The last work on the program was the newest, 2000 Pulitzer Prize-winning composer Lewis Spratlan's big orchestral tone poem, Apollo and Daphne Variations (1987). More like the Carter than the Stravinsky, with its rich textures and unexpected narrative turns, it writes Spratlan "mines the heart of European Romanticism." The main theme, he told the audience before the concert, was written as a kind of challenge for one of Spratlan's Amherst students — a 16-bar passage that depicts the aggressor Apollo and his chaste victim, who gets turned into a laurel tree to avoid the god's clutches. That theme, Spratlan's note continues, "appears in its original form as a piano solo" and "emerges from the tonal mist as a kind of found object." It comes quite early — maybe four or five minutes into the piece — and sounds like a section from a lost piano work by Schumann. You think you've heard it before — but it couldn't have been from Davidsbündlertänze or Kreisleriana — could it? It's an inspired imitation and the most breathtaking, daring moment in this thoroughly impressive score.
Mark Morris's music making
Since the Mark Morris Dance Group always performs with live musicians, I've often thought that the musical portions alone would make eminently satisfying if unusual concert programs. I especially felt this on their recent Boston visit (see Marcia B. Siegel's dance review in the May 25 Phoenix). The pieces were a selection of nine of Beethoven's Scottish folk-song settings (for a 2010 dance called The Muir), the Piano Trio No. 5, in E, Opus 83, by Johann Nepomuk Hummel, prolific composer, piano virtuoso, student of Haydn, and friend of Schubert (for the rollicking 2011 Festival Dance), and Erik Satie's expansive cantata Socrate,a setting of selections from three Plato dialogues (for Morris's 2010 Socrates).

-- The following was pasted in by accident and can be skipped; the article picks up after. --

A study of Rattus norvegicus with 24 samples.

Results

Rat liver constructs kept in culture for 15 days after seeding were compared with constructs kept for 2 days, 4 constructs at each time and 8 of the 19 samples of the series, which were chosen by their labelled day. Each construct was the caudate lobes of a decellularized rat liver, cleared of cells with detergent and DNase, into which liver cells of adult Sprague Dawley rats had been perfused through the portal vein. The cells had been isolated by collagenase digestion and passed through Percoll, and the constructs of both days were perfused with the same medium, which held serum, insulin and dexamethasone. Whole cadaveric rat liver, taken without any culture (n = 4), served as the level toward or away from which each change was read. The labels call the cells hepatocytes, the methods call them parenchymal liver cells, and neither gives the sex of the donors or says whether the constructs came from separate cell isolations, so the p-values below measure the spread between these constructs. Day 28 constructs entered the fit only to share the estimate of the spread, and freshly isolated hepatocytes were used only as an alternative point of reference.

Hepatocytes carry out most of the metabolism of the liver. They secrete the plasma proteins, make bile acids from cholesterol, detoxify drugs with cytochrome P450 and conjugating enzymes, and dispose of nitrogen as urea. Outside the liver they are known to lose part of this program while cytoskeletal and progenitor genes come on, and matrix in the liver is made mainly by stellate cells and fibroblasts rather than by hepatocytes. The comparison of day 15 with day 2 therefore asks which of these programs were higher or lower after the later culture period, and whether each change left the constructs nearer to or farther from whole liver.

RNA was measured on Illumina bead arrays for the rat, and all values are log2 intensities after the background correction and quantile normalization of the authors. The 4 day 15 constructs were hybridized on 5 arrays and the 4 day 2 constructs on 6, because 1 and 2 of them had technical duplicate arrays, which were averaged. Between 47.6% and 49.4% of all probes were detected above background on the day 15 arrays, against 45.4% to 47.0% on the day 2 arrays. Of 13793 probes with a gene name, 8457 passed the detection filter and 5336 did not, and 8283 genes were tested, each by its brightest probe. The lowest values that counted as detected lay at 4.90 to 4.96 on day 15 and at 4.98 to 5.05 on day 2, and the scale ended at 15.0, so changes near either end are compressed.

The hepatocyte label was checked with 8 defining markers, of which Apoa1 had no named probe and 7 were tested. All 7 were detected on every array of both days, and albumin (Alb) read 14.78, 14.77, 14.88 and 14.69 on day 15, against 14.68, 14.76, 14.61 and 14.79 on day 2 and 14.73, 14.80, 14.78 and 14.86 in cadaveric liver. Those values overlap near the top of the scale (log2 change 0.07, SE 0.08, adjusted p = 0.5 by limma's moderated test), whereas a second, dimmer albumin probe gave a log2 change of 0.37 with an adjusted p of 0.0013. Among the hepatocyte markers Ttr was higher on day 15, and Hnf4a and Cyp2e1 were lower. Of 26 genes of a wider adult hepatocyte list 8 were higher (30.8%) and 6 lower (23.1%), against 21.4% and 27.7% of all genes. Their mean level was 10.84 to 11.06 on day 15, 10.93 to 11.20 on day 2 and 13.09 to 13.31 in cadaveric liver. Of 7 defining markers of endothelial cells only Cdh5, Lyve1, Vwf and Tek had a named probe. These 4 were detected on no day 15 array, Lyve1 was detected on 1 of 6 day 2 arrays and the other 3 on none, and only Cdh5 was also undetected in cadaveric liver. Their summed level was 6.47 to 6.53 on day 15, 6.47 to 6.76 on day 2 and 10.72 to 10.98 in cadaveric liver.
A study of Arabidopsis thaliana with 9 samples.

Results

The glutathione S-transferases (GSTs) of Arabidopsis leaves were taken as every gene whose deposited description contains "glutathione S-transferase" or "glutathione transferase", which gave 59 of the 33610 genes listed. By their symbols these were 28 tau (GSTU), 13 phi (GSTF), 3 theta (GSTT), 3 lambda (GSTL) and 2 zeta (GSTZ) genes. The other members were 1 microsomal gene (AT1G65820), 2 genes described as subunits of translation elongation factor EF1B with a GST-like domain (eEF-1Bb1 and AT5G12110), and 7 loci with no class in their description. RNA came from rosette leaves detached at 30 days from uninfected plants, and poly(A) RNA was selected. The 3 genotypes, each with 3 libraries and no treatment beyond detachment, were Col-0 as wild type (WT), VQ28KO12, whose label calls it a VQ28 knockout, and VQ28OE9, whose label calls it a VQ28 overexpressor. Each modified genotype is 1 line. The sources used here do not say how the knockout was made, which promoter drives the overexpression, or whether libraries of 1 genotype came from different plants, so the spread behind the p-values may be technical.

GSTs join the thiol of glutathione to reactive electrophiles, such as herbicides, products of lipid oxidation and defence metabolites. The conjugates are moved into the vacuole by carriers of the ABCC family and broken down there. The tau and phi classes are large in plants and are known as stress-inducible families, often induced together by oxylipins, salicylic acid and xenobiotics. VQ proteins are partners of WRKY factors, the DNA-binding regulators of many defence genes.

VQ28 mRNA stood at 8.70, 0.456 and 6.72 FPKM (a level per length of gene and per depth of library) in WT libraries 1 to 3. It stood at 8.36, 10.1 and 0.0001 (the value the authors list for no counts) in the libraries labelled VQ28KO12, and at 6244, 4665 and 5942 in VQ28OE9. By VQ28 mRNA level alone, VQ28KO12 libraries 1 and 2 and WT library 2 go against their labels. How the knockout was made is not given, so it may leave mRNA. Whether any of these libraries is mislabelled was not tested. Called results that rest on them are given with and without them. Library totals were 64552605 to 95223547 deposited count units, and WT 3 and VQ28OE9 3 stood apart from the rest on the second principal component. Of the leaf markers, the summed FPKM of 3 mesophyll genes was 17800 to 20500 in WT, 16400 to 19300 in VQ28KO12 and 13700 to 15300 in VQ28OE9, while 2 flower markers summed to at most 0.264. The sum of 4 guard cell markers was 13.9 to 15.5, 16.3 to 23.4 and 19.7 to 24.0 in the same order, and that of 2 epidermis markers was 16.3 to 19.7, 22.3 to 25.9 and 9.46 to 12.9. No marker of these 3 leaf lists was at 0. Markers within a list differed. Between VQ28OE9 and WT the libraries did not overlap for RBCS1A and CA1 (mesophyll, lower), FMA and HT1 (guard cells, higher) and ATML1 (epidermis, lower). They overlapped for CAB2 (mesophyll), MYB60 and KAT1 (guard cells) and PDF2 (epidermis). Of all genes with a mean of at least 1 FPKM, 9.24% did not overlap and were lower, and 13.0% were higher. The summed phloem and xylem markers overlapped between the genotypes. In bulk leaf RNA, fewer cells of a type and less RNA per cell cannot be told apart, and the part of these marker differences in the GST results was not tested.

The Beethoven songs were eloquently organized by Morris into a haunting quasi-narrative, moving from celebrations of love (including the irresistible "Sally in our alley"), a farm girl's regret that she hadn't loved her farm boy enough now that he's gone off to be a soldier ("Jeanie has not Jeanie been since Jamie went away"), vigorous rants against flirting, vigorous praise of drinking, to the final dark elegy for the many lives lost on the "Muir" (moor). These were enchantingly sung by soprano Kristen Watson, tenor Matthew Anderson, and baritone Michael Kelly. Too bad the words were hard to hear, given how far to the side the singers were in the Cutler Majestic pit (Anderson was the major exception, projecting every syllable of "Sally"). Violinist Georgy Valtchev, cellist Paul Wiancko, and pianist Colin Fowler (who's married to former Morris dancer Julie Worden) were the energetic accompanists.
The Hummel has three movements: Waltz, March (a very slow march), and Rondo: Polka (which had one of Morris's most delightful images — a reemerging row of constantly changing dancers speeding across the stage, with every other dancer spinning around in a circle). The music isn't Mozart, or Beethoven, or Schubert, but it's somewhere among all of them, and non-stop delightful. Valtchev, Wiancko, and Fowler played with freewheeling spirit.